While engaged in an intense game of poker the other evening my opponent, with a glint in his eye, asked whether I would be betting the Bugatti. He was referring to the stunning 2014 Super Sport that rests in the supercar section of my garage. The two vehicles I was willing to forfeit had been narrowed down to the stunning Bugatti or the sweet 1936 Auburn Boat Tail Speedster. The Auburn is raspberry and chrome and smacks of royalty. The Bugatti is – what else? – black. I went with the Bugatti.
Of course, neither of these vehicles is real. Or, more accurately, both are very much in existence, they just don’t happen to have my name on the title. Nor are they in my possession or my driveway or even, perhaps, anywhere in the entire state of Oregon. As far as my reality goes they exist – in a stable of rare, classic, and supercars to rival Jay Leno’s – only in my imagination.
In the real world I am a loyal Ford fan and Jeep enthusiast. Both brands meet and exceed a variety of my needs including those having to do with fun and aesthetics. But in my mind my vehicular appreciation runs to the antique, the utilitarian, the exotic.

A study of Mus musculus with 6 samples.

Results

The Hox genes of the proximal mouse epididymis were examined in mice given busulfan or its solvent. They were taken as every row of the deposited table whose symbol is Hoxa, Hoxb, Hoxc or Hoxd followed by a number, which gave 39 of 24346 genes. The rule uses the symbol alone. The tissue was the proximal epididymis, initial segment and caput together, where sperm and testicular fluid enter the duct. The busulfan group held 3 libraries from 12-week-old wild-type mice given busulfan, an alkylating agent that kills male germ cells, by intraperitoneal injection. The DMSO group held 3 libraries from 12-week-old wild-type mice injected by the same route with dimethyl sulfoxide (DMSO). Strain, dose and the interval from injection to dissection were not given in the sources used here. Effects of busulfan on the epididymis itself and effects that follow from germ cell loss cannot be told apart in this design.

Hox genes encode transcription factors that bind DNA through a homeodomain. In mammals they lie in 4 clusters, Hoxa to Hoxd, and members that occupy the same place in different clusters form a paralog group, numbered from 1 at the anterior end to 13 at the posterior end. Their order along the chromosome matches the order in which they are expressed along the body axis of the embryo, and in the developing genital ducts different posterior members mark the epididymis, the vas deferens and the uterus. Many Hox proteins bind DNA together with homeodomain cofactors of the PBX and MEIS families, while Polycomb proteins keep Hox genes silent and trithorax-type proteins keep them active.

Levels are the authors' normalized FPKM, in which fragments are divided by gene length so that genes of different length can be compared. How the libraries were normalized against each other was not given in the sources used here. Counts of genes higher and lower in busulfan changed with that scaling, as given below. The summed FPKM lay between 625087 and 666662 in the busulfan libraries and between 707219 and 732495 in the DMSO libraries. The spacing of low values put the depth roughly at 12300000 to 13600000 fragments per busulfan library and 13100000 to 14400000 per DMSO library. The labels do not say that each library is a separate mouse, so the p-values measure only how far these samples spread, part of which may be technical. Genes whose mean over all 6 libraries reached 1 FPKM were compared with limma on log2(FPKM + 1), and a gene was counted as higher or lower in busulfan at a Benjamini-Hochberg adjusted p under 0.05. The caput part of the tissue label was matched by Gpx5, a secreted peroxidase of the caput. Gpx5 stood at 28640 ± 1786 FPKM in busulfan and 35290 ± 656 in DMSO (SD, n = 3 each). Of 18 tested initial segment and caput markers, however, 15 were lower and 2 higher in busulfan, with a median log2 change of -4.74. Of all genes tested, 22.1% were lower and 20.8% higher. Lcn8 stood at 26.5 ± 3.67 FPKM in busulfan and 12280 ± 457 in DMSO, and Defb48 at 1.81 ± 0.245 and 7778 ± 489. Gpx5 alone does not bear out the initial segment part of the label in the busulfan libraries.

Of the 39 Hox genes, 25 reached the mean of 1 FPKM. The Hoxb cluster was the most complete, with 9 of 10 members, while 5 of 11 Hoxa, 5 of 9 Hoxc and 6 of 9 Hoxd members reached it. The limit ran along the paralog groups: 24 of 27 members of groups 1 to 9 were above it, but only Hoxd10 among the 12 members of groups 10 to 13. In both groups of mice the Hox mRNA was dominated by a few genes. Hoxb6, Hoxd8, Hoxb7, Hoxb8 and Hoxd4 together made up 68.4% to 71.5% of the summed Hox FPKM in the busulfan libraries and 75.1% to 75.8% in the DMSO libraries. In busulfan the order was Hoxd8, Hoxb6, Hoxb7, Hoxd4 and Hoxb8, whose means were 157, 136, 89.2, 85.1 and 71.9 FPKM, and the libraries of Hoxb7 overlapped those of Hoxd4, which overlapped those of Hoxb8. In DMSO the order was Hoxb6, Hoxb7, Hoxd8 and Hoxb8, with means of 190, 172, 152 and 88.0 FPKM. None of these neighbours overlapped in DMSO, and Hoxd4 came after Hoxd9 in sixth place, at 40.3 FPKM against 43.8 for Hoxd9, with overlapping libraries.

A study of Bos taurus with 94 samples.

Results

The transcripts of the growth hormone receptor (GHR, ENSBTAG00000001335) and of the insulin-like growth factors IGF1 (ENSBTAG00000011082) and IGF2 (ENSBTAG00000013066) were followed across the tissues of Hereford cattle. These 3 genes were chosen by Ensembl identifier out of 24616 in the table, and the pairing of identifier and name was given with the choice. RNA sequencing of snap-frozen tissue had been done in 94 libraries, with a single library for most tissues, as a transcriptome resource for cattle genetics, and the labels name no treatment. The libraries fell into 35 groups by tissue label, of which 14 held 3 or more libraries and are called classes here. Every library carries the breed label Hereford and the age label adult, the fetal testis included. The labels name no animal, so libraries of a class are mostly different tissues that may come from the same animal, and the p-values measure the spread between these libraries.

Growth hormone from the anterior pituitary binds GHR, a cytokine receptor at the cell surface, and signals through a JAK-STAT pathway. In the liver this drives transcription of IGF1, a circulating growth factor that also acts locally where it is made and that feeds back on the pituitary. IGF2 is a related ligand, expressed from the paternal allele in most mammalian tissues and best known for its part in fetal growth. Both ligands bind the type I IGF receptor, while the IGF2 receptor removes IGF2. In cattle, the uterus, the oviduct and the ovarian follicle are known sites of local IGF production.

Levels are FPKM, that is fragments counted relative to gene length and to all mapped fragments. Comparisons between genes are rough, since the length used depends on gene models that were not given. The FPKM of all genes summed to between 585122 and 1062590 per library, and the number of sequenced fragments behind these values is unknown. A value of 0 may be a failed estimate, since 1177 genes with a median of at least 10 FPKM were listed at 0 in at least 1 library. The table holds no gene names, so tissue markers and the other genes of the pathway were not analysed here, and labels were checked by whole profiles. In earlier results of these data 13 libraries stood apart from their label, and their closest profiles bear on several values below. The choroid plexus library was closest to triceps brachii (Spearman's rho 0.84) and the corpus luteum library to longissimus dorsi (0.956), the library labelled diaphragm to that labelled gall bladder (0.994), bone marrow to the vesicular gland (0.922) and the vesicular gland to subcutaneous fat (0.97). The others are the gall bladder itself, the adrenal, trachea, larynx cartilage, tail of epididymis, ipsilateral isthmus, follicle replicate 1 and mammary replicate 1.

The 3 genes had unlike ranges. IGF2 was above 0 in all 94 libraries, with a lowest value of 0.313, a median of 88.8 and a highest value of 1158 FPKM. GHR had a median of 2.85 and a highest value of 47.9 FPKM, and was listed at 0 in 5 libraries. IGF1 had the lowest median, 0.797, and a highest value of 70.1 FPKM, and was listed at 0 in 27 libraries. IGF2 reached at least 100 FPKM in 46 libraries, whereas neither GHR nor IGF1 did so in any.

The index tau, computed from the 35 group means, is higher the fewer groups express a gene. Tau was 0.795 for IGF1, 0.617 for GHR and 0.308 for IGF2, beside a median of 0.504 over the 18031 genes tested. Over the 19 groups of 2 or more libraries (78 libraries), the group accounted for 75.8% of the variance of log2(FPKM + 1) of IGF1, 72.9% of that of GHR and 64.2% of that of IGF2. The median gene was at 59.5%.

Consider the highlights of my … er… collection: A 1948 Ford F-1 truck, its sweeping curves and gleaming art deco grille the epitome of quiet class. Then there’s the beastly 1996 Double Cab UNIMOG with camper, for when a girl needs to traverse the kind of terrain that doesn’t offer a Marriot. And the crown jewel: a 2015 Pagani Zonda R, matte black with gold striping, all fierceness and brawn, looking like it might reach speeds fast enough to fly.
As fate would have it my pair of aces won the hand and my opponent’s Guerilla, a custom Harley Davidson sportster, a bike that, much like him, manages to be long and languid while also screaming muscle and meaning business. A twitch tugged at his otherwise stony poker face as he considered the loss to his fantasy garage. He needn’t worry about the bike. I’ll take good care of it.